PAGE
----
Coldplay’s sad ballads lift up spirits of the masses
MANSFIELD - For the casual fan seeing Coldplay live for the first time since the band performed at the Paradise in Boston many years (and many millions of accumulated fans) ago, last night’s triumphant two-hour performance at the
In a set that reached back to their 2000 breakout album Parachutes, where they first sewed the seeds of their anthemic Brit-rock grandeur, Coldplay flipped through the pages of a hit-rich catalog. With crowd-pleasers like the love drunk “Yellow’’ and the chiming, downtrodden plea of “In My Place,’’ vocalist Chris Martin and company laid down their deviously contradictory m.o., using heartbreak writ largely to buoy the spirits of the masses.
On those two songs in particular, each note of Jonny Buckland’s delay-heavy guitar shimmered and fell like bursting teardrops.
Tears of the literal sort were in abundance as well, particularly on ballads like the resounding organ climb of “Fix You’’ and an acoustic mandolin version of “Green Eyes.’’
The foursome, dressed like a thrift store Sergeant Pepper’s, performed the latter from a satellite stage in the lawn seats before kicking into an ad-libbed blues harmonica jam, a song featuring drummer Will Champion on vocals, and a cute but underwhelming cover of Michael Jackson’s “Billie Jean.’’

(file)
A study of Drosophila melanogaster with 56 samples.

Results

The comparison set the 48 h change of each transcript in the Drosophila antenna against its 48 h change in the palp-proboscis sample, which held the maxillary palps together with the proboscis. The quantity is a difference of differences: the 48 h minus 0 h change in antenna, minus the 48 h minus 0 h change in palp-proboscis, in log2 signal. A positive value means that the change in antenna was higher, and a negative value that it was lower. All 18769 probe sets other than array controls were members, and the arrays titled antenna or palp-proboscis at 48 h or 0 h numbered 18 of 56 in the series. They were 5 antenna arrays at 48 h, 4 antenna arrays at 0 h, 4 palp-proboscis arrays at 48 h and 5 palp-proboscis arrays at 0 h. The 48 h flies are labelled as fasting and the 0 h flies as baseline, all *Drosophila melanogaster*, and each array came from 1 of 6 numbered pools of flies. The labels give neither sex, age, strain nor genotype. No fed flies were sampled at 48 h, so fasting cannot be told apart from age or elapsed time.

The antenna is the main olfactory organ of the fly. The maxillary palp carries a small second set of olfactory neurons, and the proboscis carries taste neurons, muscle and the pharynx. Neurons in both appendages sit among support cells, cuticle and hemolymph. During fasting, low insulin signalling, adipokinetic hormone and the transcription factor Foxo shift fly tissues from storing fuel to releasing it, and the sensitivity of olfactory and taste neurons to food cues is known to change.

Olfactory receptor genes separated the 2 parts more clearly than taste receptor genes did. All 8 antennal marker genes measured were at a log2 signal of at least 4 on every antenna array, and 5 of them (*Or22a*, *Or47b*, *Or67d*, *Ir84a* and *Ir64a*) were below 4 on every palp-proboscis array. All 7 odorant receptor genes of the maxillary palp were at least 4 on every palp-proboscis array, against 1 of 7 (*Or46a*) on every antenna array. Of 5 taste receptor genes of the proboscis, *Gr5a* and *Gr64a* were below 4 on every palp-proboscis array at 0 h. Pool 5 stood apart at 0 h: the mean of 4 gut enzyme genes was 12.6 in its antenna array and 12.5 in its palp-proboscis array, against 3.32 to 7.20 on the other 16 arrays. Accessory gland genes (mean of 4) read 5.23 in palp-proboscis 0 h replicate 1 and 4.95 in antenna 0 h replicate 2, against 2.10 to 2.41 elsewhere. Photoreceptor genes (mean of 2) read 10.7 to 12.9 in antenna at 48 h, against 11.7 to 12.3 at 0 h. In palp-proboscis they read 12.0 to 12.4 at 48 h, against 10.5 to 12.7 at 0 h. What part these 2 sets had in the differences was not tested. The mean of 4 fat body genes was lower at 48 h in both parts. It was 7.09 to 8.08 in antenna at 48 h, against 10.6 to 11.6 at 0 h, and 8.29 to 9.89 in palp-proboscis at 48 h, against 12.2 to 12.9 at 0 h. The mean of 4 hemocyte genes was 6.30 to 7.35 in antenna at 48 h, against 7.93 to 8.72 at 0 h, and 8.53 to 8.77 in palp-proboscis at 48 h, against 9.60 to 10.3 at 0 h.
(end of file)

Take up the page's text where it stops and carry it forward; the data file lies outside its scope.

An electronic dance medley of “God Put a Smile Upon Your Face’’ and “Talk’’ changed the tempo considerably, transforming the space into an impromptu dance club - although anyone in attendance looking to keep up with the lithe, yoga-like stretching of Martin’s aerobic pace had their work cut out for them.
The majority of the set was given over to tracks from the band’s winning Viva la Vida. On “Lost’’ Martin sang, “You might be a big fish in a little pond. It doesn’t mean you’ve won.’’ One imagines it’s not easy hitting the right piano keys with your heart weighing so heavily on your sleeves.
For the album’s title track, drummer Champion conjured a marching cavalry with timpani drums and church bells embellishing the song’s rhythmic string section sample attack. None of which managed to distract from the real draw, which is Martin and mates selling the drama like they mean it. Singing songs this sad has rarely seemed like so much fun.